On June 8, 2018, the Executive Board of the International Monetary Fund (IMF) concluded the Article IV consultation1 with Liberia.
A new government is in place, with a mandate to achieve ambitious development objectives. Liberia’s economy appears poised for recovery, as growth bottomed out in 2016 and edged to 2.5 percent in 2017. However, Liberia remains fragile with poor living conditions for the majority of the population. Moreover, a decline in aid inflows, which were elevated during 2014–16, has put pressure on the exchange rate and fiscal resources. The government is thus facing the daunting task of pursuing a demanding development agenda in the face of high expectations, while also managing near-term adjustments and safeguarding macroeconomic stability.
All the elements of the government’s medium-term development agenda have not been fully outline. The baseline scenario presented in this Article IV consultation is staff’s interpretation of the authorities’ stated policies as articulated at the time of the March 2018 mission. The resulting analysis yielded insights into various sustainability issues. However, assuming the implementation of sound policies, the medium-term outlook appears favorable. The main upside risk is an increase in commodity prices and output, while downside risks include difficulties in mobilizing resources to fill the financing gap and in pursuing structural and institutional reforms.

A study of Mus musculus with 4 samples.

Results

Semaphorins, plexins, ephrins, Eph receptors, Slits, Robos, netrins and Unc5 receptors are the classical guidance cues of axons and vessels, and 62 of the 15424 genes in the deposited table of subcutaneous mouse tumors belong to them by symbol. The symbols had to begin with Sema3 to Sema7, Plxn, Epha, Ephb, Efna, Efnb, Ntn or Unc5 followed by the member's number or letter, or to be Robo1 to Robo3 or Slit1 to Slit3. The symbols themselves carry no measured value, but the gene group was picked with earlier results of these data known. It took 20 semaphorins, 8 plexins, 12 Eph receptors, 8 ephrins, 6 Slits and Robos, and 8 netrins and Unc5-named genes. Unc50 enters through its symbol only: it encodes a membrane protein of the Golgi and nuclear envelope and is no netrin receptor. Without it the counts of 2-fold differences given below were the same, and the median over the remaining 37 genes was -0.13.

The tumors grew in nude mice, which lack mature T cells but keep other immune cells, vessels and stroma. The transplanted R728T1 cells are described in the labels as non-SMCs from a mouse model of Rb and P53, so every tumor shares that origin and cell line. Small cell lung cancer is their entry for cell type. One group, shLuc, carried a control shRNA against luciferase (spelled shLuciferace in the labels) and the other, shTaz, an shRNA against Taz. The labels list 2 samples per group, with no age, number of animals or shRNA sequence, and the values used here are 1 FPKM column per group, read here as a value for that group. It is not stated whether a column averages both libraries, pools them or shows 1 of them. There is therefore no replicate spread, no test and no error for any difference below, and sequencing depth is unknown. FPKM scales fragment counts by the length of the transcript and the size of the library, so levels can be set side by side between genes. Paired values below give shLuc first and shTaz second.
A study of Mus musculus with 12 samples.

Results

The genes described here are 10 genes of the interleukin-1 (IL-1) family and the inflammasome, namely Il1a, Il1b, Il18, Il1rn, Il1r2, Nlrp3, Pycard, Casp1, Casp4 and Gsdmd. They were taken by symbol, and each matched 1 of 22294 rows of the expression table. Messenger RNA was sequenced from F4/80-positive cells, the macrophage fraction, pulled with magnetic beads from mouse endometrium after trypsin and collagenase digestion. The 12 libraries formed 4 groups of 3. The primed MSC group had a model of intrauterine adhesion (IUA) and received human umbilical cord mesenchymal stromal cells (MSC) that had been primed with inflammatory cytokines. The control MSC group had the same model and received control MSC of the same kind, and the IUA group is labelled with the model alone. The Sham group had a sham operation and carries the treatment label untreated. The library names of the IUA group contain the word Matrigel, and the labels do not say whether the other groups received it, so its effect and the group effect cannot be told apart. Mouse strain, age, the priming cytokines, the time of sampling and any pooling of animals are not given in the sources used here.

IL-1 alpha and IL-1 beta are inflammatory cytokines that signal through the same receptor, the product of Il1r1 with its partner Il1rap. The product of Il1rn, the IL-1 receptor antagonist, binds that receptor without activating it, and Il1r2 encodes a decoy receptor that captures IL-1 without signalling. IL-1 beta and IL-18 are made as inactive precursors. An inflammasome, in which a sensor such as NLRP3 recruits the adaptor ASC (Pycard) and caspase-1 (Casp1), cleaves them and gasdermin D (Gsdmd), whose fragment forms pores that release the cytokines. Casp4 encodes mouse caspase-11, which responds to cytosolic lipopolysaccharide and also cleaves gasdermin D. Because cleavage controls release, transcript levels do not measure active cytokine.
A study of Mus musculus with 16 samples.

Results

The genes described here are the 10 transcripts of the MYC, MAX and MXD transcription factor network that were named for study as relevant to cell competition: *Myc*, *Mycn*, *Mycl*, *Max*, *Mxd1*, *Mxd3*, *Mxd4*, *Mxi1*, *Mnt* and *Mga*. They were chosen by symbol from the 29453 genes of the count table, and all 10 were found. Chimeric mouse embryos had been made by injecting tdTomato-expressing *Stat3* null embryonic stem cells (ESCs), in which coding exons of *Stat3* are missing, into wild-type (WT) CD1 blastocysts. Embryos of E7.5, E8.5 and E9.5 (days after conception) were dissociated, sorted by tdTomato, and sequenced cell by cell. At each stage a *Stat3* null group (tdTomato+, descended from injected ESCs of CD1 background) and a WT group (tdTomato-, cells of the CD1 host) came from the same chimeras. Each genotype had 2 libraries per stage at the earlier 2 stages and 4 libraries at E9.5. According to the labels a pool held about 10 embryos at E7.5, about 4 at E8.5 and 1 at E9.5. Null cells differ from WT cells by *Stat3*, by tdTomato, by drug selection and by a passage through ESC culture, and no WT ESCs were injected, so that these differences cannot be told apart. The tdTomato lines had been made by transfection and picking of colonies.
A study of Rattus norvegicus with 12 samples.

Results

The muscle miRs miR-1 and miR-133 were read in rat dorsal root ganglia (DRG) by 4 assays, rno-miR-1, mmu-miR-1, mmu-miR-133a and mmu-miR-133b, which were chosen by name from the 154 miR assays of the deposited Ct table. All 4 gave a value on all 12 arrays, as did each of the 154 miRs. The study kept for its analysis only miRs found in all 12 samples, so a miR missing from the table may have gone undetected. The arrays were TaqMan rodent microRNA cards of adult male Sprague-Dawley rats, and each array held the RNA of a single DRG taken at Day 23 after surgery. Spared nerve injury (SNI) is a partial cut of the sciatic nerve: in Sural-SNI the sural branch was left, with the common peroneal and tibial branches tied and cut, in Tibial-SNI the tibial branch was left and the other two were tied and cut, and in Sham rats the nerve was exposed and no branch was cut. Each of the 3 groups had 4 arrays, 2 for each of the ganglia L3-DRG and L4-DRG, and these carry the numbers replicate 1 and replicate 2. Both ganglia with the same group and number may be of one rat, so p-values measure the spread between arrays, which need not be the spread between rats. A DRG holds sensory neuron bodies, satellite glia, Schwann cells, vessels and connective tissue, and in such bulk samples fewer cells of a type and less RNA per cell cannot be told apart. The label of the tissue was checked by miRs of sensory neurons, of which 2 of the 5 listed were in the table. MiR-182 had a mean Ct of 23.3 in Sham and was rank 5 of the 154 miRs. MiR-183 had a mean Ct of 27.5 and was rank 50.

Under Article IV of the IMF’s Articles of Agreement, the IMF holds bilateral discussions with members, usually every year. A staff team visits the country, collects economic and financial information, and discusses with officials the country’s economic developments and policies. On return to headquarters, the staff prepares a report, which forms the basis for discussion by the Executive Board.
At the conclusion of the discussion, the Managing Director, as Chairman of the Board, summarizes the views of Executive Directors, and this summary is transmitted to the country’s authorities. An explanation of any qualifiers used in summings up can be found here: http://www.imf.org/external/np/sec/misc/qualifiers.htm.